Rachel, a mom of newborn twins, wonders if she should keep her babies together when they sleep or give them separate spaces. As it turns out, this is a common question among parents of newborn twins, and even among parents whose children are close in age. Will they feel safer sleeping together? Or will they disrupt one another's sleep?
Here, culled from discussions on Circle of Moms, is a look at what to consider when figuring out the optimal sleeping arrangement for your newborn twins.
Moms of twins say the biggest consideration should be your babies' dispositions and sleep habits. Although many moms start out with their twins in the same crib, this seems to work well only for babies who "really like to sleep," as a Circle of Moms member named Laura points out. More often, twins are quite different in their sleep patterns and rhythms, so one baby's sleep is disrupted by the other.
India, who refers to her twins in this context as "Fussybutt A" and "Fussybutt B" shares that at varying times during their first year, both of her twins had difficulty napping. Just as one would get cozy the other would wake him up. Keeping them together proved to be a logistical nightmare. Once they were separated, they both slept better — as did mom!
For many, twins' genders also figure into this equation. Most Circle of Moms members who have weighed in on this issue plan to eventually separate opposite-gender twins. And, as Jessi G. shares, if you're going to separate them, you should do so early so that it's not a big adjustment for them later. But several moms, including Mallorie M. and Laura, are fine with their boy/girl twins sleeping together.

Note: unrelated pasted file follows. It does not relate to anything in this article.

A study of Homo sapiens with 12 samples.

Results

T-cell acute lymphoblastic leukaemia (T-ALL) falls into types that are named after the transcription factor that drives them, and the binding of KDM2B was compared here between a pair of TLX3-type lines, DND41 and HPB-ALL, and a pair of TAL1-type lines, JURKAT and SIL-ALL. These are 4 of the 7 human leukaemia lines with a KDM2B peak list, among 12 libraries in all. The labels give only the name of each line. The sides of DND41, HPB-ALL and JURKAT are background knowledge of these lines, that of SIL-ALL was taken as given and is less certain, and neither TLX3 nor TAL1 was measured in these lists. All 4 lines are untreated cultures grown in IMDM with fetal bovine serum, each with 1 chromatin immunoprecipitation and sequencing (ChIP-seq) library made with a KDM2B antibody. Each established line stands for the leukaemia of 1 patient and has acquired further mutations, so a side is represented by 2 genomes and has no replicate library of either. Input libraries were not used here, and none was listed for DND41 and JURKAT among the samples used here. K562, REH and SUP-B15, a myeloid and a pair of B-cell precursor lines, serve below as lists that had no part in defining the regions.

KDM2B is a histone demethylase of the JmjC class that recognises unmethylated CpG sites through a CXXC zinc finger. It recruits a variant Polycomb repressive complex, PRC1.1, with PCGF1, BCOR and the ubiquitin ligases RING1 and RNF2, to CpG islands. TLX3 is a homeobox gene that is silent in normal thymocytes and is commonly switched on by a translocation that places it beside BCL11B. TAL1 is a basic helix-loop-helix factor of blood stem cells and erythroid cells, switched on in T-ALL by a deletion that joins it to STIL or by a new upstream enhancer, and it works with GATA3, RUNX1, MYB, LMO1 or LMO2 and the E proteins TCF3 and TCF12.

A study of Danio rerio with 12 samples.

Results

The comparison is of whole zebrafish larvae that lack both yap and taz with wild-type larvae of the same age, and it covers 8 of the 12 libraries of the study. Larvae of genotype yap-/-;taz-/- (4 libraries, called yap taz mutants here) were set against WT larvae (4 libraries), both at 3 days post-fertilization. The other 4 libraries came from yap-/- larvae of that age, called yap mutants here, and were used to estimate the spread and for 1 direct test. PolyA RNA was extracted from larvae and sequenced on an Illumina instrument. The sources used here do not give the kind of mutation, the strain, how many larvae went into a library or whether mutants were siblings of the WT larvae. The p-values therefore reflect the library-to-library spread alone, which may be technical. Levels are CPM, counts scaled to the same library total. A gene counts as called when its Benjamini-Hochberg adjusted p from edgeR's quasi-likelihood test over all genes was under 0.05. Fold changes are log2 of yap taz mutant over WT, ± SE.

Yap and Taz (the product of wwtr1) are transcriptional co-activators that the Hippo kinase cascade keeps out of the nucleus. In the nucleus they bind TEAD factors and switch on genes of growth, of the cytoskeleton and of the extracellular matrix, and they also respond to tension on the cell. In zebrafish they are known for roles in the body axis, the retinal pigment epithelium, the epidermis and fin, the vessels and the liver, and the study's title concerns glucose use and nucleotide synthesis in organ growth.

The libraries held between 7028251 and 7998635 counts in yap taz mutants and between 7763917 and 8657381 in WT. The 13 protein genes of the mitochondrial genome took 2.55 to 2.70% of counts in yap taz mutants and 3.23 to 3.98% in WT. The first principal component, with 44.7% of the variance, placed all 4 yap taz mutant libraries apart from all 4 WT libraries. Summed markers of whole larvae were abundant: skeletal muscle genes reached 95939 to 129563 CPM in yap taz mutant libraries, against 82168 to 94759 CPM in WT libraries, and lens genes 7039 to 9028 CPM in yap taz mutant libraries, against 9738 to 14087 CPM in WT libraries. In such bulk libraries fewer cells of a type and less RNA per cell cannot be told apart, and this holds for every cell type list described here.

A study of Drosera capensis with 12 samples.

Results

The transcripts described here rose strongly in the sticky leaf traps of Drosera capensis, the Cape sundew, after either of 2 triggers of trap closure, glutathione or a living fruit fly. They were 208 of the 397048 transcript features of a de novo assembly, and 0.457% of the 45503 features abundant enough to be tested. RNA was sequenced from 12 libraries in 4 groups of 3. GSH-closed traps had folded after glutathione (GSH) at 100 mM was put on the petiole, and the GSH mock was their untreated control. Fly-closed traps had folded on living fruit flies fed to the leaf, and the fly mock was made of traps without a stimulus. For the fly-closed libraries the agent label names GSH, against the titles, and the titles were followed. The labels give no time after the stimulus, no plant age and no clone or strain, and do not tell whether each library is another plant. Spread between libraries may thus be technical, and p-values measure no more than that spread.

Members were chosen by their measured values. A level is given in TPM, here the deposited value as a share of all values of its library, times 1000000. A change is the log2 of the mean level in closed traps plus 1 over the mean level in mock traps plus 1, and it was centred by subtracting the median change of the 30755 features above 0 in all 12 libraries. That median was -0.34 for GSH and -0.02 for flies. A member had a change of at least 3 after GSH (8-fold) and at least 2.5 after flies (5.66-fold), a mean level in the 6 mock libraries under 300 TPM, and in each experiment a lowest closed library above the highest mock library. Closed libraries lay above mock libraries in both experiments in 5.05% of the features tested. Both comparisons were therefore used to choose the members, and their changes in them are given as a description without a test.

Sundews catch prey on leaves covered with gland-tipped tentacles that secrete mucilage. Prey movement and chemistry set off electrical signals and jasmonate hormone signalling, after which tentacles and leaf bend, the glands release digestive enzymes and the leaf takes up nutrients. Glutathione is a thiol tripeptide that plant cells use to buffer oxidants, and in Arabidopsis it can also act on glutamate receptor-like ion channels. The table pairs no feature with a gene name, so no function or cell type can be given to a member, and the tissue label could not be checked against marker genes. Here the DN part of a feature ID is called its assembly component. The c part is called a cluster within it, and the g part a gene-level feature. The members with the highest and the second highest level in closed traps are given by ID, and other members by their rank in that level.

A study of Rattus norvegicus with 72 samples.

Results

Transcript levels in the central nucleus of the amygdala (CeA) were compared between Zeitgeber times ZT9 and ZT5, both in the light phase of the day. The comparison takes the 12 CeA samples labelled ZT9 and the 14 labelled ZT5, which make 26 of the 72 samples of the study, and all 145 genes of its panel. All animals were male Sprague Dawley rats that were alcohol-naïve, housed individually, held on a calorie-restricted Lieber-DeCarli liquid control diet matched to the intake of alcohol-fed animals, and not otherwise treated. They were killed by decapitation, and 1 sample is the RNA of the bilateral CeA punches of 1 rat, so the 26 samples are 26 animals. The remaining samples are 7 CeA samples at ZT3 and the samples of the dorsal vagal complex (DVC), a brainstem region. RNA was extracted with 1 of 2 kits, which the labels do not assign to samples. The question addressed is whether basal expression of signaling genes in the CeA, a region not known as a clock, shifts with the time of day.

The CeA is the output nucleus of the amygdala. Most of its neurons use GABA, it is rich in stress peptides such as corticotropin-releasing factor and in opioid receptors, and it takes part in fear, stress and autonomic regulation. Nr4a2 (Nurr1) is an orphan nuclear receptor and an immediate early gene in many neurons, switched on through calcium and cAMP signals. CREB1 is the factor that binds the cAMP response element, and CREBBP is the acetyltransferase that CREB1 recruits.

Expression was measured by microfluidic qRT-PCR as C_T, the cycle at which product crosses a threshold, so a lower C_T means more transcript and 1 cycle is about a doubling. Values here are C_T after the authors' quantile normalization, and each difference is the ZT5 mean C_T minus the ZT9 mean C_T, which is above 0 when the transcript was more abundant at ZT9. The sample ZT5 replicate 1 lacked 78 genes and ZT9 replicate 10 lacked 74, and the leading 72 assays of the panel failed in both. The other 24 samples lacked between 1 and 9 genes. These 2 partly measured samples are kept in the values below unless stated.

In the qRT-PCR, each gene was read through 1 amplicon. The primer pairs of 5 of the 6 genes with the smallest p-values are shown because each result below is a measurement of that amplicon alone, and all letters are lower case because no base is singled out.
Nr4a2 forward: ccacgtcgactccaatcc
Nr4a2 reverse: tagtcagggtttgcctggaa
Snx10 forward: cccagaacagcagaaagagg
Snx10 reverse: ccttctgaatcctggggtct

For Mallorie, the end point to this is when her twins reach school-age. For Laura, the end point is up to her kids. At the moment, her boy-girl twins wake when she separates them. She originally intended to put them in their own rooms, worrying that keeping them in one crib would cause them to rouse or even injure one another, but as it turns out, they love sleeping together and protest when they can't. She plans to let them sleep together for as long as it makes sense.
Often, as a member named Patricia points out, there simply isn't enough space in your home to separate twins. Her boy-girl twins have four teenage siblings, so keeping them together is her only option at the moment. Karen's in the same boat, and unlike Laura, her twins tend to wake one another up. She just lets them do their own thing and tries not to control the action. They sleep and cry at different times, but she reports that everyone eventually got used to this pattern and no one seemed worse for wear.
Lindsay C. is another mom who doesn't have enough space to give her twins separate rooms, and furthermore, her babies insisted on sleeping together, protesting loudly when they were separated. The problem is that they also kept each other awake half the night. This mom's solution? She put two small beds in the same room next to each other, and her babies were able to see each other, but not touch. This did the trick. They were reassured by one another's presence, but not pulling each others' hair out! Her story shows that it is possible to keep twins with different sleep patterns in the same room.
The moral of the story? Experiment. You may have an idea about what you prefer and why, but the real test is whether or not it works.
The views expressed in this article are those of the author and do not necessarily represent the views of, and should not be attributed to, POPSUGAR.